Common entrance test won’t affect Boards: CBSE secretary
The Union government’s decision to institute a Common University Entrance Test (CUET) for undergraduate admissions in all central universities will not affect the board examination process, said a top Central Board of Secondary Education (CBSE) official, who also stressed there was no plan to do away with the Class 10 and 12 board exams in the near future.
The Centre last month announced that it will conduct a common entrance test for admission to all undergraduate courses, in line with the National Education Policy (NEP) 2020, and made its score a mandatory yardstick for all central universities. Several stakeholders have since raised concerns that the test will make school performance irrelevant, and questioned the point of the CBSE school-leaving examinations.
The National Progressive Schools Conference (NPSC), a consortium of over 400 private schools of Delhi, last month even wrote to the Union education ministry, requesting to give weightage to Class 12 marks in undergraduate admissions along with CUET, and alleged that the CUET “will defeat the purpose of schooling”.
Speaking to HT on Tuesday, CBSE secretary (administration, affiliation & finance) Anurag Tripathi said the common entrance exam will not make any difference to the board’s assessment process. “CBSE will continue conducting board examinations for both classes 10 and 12. There is no plan to do away with these exams. The introduction of CUET will, in fact, increase the concentration of students in schools as they will now have to appear for an entrance exam which will be completely based on the Class 12 syllabus. It will motivate them to work harder than ever,” he said.
When asked if CBSE requested the education ministry to give some weightage to Class 12 scores for undergraduate admissions, Tripathi said, “There are different education boards in the country and not just CBSE. This decision has been taken in the wider interest of students by the higher authorities.”
CBSE is the largest educational board in the country with as many as 26,000 schools presently affiliated with it. Last year, while 1,369,745 students had enrolled in class 12, as many as 2,113,767 passed class 10.
The CUCET was introduced at a time when the cut-offs for admission into undergraduate courses were touching 99-100%. Last year, eight Delhi University (DU) colleges had announced a 100% cut-off for admission to 11 courses. With the introduction of CUET, while central universities like DU will now be able to use class 12 marks only as minimum eligibility criteria, state and private universities may continue using board examination marks for merit-based admissions.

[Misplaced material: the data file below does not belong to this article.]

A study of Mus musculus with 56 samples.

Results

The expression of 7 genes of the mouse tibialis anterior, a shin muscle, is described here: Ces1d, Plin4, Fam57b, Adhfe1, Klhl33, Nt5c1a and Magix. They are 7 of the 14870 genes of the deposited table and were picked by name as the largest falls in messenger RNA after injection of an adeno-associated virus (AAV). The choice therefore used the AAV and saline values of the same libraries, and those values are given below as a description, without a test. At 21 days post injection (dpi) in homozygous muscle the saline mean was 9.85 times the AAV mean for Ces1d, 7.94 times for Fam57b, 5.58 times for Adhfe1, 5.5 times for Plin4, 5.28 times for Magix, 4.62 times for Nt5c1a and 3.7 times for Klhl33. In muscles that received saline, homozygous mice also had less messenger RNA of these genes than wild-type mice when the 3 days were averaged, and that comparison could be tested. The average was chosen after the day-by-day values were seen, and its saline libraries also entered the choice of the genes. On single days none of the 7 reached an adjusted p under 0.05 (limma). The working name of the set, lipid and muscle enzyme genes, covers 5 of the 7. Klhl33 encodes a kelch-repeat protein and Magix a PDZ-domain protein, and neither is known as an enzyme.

Tripathi said that the board is continuously working to improve its board examination pattern. “We have introduced 33% internal choice in question papers, and started including competency based questions in the papers. Such questions will increase every year by 10-15%. It will help students to do away with rote learning and brush up their analytical skills and critical thinking. They won’t study only to score marks now,” he said.
When asked if CBSE plans to continue the two sets of exams each for classes 10 and 12 in the session 2022-23 as well, Tripathi said, “The two-exam assessment process with at least one exam being conducted in objective type format is one of the recommendations of the NEP 2020. The decision to continue this in 2022-23 as well is still pending.”
CBSE last year introduced a two-exam assessment process for classes 10 and 12. While the first exam was conducted between November and December, 2021 in an objective format, the second subjective format exams will begin in the last week of April. The board has called it a measure to avert the impact of the Covid-19 pandemic.
UGC chairperson Jagadesh Kumar had earlier told HT that under the CUET, universities will be allowed to fix their minimum qualifying criteria in terms of class 12 marks, as they have been doing all this while. “If the students want to do well in CUET, they will have to acquire knowledge in school…This is not a new concept. For admissions to IITs, we have been considering JEE scores only.” he had said.
Educationist Meeta Sengupta said school performance and board marks will always remain relevant. “...especially in the first few years of CUET as it establishes itself. CUET itself may need calibration, and even may see parent pushback depending upon the outcomes in its first year… it is not wise to ever wholly depend on CUET. In any case, universities abroad and in India may well choose a composite score based on all marks, not just CUET,” she said.
Sudha Acharya, chairperson of NPSC, believes CUET may dilute the importance of school education. “This will have long term repercussions on the quality of education delivered at the school level. While International universities require annual scores of class 11 and predicted scores of 12, unfortunately these scores will stand ineffectual for our Indian universities,” she said.